SHE was the first woman to get a job as a football writer on a tabloid newspaper – but last year died of cancer, aged just 56.
Sun journalist Vikki Orvice had worked here for 24 years and interviewed stars including David Beckham as well as athletics champs Mo Farah, Paula Radcliffe and Jessica Ennis-Hill.
Her husband, sportswriter-turned-author Ian Ridley, 65, has found the months since her death the hardest of his life.
But when his therapist suggested that spending last summer watching cricket might be the perfect distraction, he decided to give it a go.
This is the inspiration for Ian’s latest book, The Breath Of Sadness: On Love, Grief And Cricket, in which he reflects on his loss and how cricket has helped him heal.
He says: “I had always promised myself that one year, when time opened up, I would spend a summer watching county cricket. After my therapist suggested it might be time, I decided to do it.”
Ian and Vikki were together for 24 years and married for nine. Vikki was stepmum to Ian’s two children from a previous relationship — Alex, a picture editor and photographer, and Jack, a musician and songwriter.
Ian adds: “The summer of 2019 would be the saddest of my life but one of the most joyous in the history of English cricket.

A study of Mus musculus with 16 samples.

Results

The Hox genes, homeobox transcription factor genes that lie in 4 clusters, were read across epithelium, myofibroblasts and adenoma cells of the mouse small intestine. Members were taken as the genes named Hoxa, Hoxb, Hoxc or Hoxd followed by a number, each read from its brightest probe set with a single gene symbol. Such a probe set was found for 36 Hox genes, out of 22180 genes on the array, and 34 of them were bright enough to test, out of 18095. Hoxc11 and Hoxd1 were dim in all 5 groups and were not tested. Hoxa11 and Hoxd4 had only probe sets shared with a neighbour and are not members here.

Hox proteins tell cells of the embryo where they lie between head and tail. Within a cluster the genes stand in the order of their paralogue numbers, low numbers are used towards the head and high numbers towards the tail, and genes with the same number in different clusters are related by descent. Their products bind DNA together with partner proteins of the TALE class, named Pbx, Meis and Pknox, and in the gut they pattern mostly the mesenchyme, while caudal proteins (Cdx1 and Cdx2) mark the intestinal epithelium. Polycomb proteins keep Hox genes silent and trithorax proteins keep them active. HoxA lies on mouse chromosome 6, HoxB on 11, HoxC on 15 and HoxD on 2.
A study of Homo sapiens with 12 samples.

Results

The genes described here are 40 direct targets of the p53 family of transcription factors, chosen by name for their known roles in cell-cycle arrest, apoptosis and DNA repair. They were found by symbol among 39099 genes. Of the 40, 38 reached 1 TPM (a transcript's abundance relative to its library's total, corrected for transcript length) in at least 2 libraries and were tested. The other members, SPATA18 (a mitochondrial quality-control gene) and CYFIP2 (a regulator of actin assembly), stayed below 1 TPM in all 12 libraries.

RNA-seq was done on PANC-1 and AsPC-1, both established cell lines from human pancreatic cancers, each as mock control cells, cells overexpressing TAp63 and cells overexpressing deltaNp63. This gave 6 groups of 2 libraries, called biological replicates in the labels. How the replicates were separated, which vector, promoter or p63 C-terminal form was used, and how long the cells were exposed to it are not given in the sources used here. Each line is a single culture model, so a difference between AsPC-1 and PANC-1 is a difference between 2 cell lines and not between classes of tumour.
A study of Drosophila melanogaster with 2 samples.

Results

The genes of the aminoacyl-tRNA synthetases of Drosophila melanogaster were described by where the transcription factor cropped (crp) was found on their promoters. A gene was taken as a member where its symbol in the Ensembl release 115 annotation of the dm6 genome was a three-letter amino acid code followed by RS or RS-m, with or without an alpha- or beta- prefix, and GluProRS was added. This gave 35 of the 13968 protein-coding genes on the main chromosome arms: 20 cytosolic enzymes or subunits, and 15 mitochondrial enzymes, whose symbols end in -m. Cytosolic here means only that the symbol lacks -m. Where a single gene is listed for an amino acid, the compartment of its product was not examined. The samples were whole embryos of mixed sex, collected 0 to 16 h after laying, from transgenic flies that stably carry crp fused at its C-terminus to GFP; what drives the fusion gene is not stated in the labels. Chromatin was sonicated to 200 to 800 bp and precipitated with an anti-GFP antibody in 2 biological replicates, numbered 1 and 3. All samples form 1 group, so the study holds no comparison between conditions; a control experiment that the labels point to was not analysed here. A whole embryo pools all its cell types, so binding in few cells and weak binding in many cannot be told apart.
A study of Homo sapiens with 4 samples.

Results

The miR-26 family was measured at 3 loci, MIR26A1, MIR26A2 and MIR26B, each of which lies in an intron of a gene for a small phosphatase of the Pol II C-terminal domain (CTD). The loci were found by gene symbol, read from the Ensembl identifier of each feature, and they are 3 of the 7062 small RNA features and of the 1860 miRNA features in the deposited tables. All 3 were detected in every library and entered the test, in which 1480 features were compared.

“There would be a thrilling World Cup, won by host nation England in the most dramatic of fashions at Lord’s. There would be a drawn Ashes series between England and Australia. The series would contain one of the greatest England wins, as Ben Stokes at Headingley delivered one of the most breathtaking Test innings ever.”
For Ian, of St Albans, Herts, the particular joy of last summer was the peace and solitude of watching county games.
He says: “I would visit places that had meant something to Vikki and me. There would be Hove, the Isle of Wight, Leicester and Northampton, Lord’s, Scar-borough and The Oval.”
This year, he had planned another season — but then came Covid-19, changing everything.
Ian says: “I found myself bereft again and, although grateful for my fortunate environment of a house and garden, I was aware of the bitter-sweetness of Vikki being everywhere and nowhere in it.
“I would have given anything for her to be back with me, but I was relieved she would not have to worry about treatment, the coronavirus and her compromised immune system, nor the care-home plight of her mother (Jean, who died last September, having lost husband Fred in 1996).”
Of grieving, Ian adds: “The only advice I can offer anybody is to find ‘their cricket’, something they can latch on to as focus and diversion. And if at all possible, find a good counsellor with whom to spill the unalloyed yucky stuff.
“My story is not unique. As I sat alone in the crowd at The Oval in the season’s final week, I realised I was among people who all had tales. As the saying goes, ‘Everyone is fighting a battle we know nothing about’.”